We merged the best elements of these design thinking processes with the consensus model to create a robust and workable Theological Ideation Process for the purpose of ministry with young people
Research and design firms all over the world show evidence that innovation happens through a planned process. After looking at a number of these processes, we discovered that, to some extent, they parallel the consensus model of practical theology. We merged the best elements of these design thinking processes with the consensus model to create a robust and workable Theological Ideation Process for the purpose of ministry with young people. Our Theological Ideation Process has five steps:
What’s going on here? What is the problem you want to address? Immerse yourself in the environment and demographic you’ll be designing for. Observe, engage, and interact. Record data as you gather intel to identify possible problems or opportunities you might miss at first glance. This is a fire-hydrant stage of intake and intel.
Why is this happening? With all this intel, you’ll have all sorts of ideas about why things are happening. But you will work to uncover the real underlying reasons behind the issue at hand. Then, redefine the problem that you want to address.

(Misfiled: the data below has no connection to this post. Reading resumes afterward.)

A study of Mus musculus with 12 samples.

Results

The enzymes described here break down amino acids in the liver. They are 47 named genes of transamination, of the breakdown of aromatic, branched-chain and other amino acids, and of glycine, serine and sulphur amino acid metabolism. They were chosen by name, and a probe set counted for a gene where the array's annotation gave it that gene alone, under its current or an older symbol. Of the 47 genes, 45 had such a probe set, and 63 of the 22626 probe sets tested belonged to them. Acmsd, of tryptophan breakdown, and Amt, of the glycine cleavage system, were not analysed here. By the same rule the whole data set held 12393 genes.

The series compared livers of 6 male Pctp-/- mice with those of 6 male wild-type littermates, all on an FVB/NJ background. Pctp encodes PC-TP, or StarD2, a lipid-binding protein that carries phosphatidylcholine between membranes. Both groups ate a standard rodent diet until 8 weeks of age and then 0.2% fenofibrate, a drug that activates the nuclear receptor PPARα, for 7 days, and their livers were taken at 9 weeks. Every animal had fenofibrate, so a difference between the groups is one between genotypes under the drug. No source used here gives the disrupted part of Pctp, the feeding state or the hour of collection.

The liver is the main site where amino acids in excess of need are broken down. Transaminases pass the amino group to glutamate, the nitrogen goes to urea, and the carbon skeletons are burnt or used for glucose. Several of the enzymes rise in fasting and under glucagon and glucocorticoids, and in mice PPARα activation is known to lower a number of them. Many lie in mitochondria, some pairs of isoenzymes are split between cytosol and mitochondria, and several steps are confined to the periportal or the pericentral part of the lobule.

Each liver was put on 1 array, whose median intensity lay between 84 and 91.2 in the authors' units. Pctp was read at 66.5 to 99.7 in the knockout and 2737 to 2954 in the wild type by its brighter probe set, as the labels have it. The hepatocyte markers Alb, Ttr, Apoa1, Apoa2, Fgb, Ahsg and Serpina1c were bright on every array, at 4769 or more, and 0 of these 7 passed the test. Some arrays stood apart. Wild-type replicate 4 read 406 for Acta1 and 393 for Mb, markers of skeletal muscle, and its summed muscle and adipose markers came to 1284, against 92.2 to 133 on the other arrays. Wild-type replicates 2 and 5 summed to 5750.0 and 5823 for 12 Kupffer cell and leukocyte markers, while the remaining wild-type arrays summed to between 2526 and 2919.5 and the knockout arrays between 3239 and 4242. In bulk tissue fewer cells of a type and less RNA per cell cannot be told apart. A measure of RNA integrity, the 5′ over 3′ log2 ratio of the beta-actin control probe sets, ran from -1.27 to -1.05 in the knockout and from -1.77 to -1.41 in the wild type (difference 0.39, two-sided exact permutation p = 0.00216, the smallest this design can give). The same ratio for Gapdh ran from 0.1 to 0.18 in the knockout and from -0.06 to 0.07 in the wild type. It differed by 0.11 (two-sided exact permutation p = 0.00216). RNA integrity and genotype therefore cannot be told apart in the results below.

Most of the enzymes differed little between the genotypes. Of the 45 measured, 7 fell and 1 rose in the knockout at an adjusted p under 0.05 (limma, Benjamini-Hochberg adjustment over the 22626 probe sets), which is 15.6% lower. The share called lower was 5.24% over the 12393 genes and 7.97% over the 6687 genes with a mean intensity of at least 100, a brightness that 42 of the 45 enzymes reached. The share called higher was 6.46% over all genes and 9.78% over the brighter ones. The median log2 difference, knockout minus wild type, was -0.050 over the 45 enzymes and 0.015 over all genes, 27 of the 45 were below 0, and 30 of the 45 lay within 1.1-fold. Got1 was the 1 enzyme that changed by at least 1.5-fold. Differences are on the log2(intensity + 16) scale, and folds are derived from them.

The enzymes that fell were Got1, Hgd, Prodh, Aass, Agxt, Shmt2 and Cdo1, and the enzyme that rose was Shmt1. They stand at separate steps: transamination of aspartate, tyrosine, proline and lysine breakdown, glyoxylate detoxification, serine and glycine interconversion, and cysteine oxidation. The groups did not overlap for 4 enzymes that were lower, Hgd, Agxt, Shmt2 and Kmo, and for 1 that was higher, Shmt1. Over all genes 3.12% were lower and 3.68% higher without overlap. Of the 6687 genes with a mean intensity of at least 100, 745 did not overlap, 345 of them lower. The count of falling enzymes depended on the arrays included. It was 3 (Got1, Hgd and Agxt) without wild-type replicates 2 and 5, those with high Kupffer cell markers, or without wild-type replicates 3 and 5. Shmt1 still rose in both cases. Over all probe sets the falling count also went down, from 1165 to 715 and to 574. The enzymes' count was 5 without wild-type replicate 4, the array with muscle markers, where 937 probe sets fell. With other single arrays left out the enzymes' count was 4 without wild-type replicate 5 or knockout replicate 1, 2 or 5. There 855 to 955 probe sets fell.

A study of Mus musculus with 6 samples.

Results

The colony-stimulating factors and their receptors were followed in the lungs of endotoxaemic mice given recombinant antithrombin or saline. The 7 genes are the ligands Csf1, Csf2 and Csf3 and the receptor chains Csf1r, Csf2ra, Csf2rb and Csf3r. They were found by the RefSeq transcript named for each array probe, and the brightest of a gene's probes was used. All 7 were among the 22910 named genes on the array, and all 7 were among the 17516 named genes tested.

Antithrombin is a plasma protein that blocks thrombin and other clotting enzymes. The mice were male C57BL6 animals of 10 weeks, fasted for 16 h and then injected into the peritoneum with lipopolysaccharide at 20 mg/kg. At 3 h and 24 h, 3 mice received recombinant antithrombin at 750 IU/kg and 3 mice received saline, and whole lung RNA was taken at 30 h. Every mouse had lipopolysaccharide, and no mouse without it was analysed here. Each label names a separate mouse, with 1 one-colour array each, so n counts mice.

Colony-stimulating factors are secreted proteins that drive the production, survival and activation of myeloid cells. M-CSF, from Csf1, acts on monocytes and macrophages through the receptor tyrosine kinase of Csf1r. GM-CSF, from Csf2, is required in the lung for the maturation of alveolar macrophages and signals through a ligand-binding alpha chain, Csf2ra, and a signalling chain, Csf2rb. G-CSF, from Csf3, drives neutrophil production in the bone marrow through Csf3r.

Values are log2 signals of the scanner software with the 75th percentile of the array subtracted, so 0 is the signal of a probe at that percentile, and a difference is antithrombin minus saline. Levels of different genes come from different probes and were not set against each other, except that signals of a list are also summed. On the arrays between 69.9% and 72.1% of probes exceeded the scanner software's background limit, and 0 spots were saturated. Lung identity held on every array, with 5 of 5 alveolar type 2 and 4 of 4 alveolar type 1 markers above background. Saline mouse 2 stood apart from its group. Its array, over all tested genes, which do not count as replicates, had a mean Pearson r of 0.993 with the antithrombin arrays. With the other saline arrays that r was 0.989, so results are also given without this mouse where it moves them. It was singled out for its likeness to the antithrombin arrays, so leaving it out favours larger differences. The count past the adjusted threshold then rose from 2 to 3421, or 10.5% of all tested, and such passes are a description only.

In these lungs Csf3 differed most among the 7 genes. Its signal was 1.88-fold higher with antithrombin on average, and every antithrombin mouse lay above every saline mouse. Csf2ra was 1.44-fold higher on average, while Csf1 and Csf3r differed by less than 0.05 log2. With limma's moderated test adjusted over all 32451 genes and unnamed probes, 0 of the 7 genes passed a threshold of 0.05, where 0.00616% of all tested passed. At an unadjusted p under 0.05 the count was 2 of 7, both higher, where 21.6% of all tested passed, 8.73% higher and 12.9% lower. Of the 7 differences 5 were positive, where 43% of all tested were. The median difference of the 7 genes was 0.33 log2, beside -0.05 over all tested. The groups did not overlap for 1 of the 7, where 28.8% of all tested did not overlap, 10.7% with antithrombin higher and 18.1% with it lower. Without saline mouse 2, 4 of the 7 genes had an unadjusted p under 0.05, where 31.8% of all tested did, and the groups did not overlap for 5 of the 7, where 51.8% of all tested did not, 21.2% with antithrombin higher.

What should be happening? Guided by theology, you will establish parameters for solutions to your problem even as you trust the Holy Spirit to expand your imagination.
What could we do? Intentional brainstorming sessions will create a broad scope of ideas to solve your problem. You will then narrow down to a handful of ideas, and store the rest for later. You will begin to test out parts of your Big Idea in small ways, to gain further insight to its viability. Prototyping requires adaptability, and failing in small ways at this stage means you won’t fail big later on.
What will we do? What is next? In light of your theological parameters and what you’ve learned from prototyping, you will implement your Big Idea full-scale.